When Good Kitchens Go Bad
This client called me as she had trouble keeping her kitchen organised. It was a real chore to cook, empty the dishwasher and to keep the bench tidy. Everyday, she was fighting a losing battle to maintain order in the space.
Her goals were:
- The kitchen should be easy to keep neat (even by her husband when she travelled)
- To stop work clutter encroaching/landing in the kitchen
- To feel inspired to bake again - an old hobby she had neglected
What we noticed about this kitchen was that when it had been set up, there had been no planning about what went where. The kitchen had been newly renovated, and what had happened was the items that had been packed up for the renovation were unpacked before the everyday items that had been in a temporary kitchen were put in.
Basically, the things that you don't need every day were in the easy to reach cupboards, and everything else was crammed in the leftover drawers/cupboards.
To meet her aims, we prioritised being able to empty the dishwasher easily/efficiently and to conduct daily food preparation (tea/coffee etc) without being crammed down one end of the kitchen.
We unpacked all the items from the cupboards and went through them with the client. She decided to part with some of her servery items, wine glasses and other unused-kitchen appliances.
Once the kitchen items were sorted into more thoughtful locations, we moved on to the pantry.
In the photo above you can see one of the systems of 'order' that celebrity organisers commonly recommend - using tubs. I have rarely seen this system maintained well. It contributes to a lot of food waste and overspending on your grocery bill. People (especially those where multiple people grocery shop) often have many duplicates of the same items stacked on top of one another. For example, there are often 5 bags of half-used pasta packets all stacked on top of one another.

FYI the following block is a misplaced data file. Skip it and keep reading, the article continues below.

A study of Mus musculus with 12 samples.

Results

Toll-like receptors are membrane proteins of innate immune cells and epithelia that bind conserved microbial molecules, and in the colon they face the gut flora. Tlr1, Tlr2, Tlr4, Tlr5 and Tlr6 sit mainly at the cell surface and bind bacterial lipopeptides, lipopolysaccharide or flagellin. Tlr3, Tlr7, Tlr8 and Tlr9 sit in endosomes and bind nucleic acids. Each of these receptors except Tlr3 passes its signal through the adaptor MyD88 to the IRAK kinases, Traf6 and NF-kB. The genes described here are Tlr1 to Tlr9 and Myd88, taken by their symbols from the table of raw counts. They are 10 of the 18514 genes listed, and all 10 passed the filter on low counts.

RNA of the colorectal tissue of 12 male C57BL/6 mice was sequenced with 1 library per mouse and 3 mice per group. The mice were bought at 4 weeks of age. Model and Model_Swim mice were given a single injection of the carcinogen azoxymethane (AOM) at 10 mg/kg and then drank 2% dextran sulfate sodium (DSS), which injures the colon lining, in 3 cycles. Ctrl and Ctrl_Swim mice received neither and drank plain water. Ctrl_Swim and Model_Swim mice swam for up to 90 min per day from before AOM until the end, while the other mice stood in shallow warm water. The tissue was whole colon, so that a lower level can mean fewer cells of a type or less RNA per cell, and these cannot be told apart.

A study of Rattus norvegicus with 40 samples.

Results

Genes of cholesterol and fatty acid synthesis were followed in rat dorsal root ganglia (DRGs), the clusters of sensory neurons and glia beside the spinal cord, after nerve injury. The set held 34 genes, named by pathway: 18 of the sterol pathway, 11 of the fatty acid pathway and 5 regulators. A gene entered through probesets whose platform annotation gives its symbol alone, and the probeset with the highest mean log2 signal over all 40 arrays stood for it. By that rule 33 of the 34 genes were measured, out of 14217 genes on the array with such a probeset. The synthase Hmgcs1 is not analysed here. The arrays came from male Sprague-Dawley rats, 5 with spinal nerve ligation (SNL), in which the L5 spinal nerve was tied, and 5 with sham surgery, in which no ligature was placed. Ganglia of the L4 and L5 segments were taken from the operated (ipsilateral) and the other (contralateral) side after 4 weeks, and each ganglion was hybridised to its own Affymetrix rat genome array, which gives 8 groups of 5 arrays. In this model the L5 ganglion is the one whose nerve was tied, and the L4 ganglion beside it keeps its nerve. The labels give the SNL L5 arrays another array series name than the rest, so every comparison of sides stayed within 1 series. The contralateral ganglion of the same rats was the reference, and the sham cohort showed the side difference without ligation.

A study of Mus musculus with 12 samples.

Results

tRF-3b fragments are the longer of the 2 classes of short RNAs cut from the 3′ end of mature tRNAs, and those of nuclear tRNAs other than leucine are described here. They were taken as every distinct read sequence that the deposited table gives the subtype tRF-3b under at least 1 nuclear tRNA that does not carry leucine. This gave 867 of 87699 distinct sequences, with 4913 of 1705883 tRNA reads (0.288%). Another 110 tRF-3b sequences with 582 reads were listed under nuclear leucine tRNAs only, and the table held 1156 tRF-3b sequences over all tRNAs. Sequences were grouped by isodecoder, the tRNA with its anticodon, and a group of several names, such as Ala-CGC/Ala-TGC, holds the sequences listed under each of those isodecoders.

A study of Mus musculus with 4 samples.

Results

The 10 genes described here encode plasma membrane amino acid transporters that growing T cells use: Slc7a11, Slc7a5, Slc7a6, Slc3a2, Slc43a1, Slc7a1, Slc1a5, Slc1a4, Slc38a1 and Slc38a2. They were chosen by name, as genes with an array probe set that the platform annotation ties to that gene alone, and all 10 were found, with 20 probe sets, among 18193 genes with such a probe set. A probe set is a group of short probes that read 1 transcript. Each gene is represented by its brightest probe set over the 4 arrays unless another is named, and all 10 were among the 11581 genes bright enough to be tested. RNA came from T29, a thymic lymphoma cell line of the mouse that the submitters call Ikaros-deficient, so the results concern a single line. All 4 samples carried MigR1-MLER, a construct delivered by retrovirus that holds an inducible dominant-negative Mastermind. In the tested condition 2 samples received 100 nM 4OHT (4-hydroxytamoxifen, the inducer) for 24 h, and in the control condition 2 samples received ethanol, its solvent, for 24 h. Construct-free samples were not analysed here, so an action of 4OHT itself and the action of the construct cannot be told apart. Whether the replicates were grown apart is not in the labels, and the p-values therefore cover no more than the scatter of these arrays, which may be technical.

Tubs in pantries are handy for smaller items (like having a baking tub or a medicines tub) but not for cereals or fast moving goods like tins.
At the conclusion of the first day, we had reorganised and sorted the kitchen cupboards and pantry. A large number of medicines, food goods and inherited items were removed from the kitchen. Main actions we undertook were:
- We spread out the bench appliances as best we could (the client wanted them to stay on the bench), to reduce pressure on the pantry corner zone.
- We created a dedicated 'food preparation' zone between the sink/fridge.
- Whereas, the other end of the island bench was dedicated to plates/bowls/cups, as it was adjacent to the dishwasher.
- We moved some items out of the pantry so they could be easily accessed (medicines)
The client reported that the kitchen was much easier to use and she also was able to get back into baking - she made her daughter a lovely birthday cake not long after we finished organising.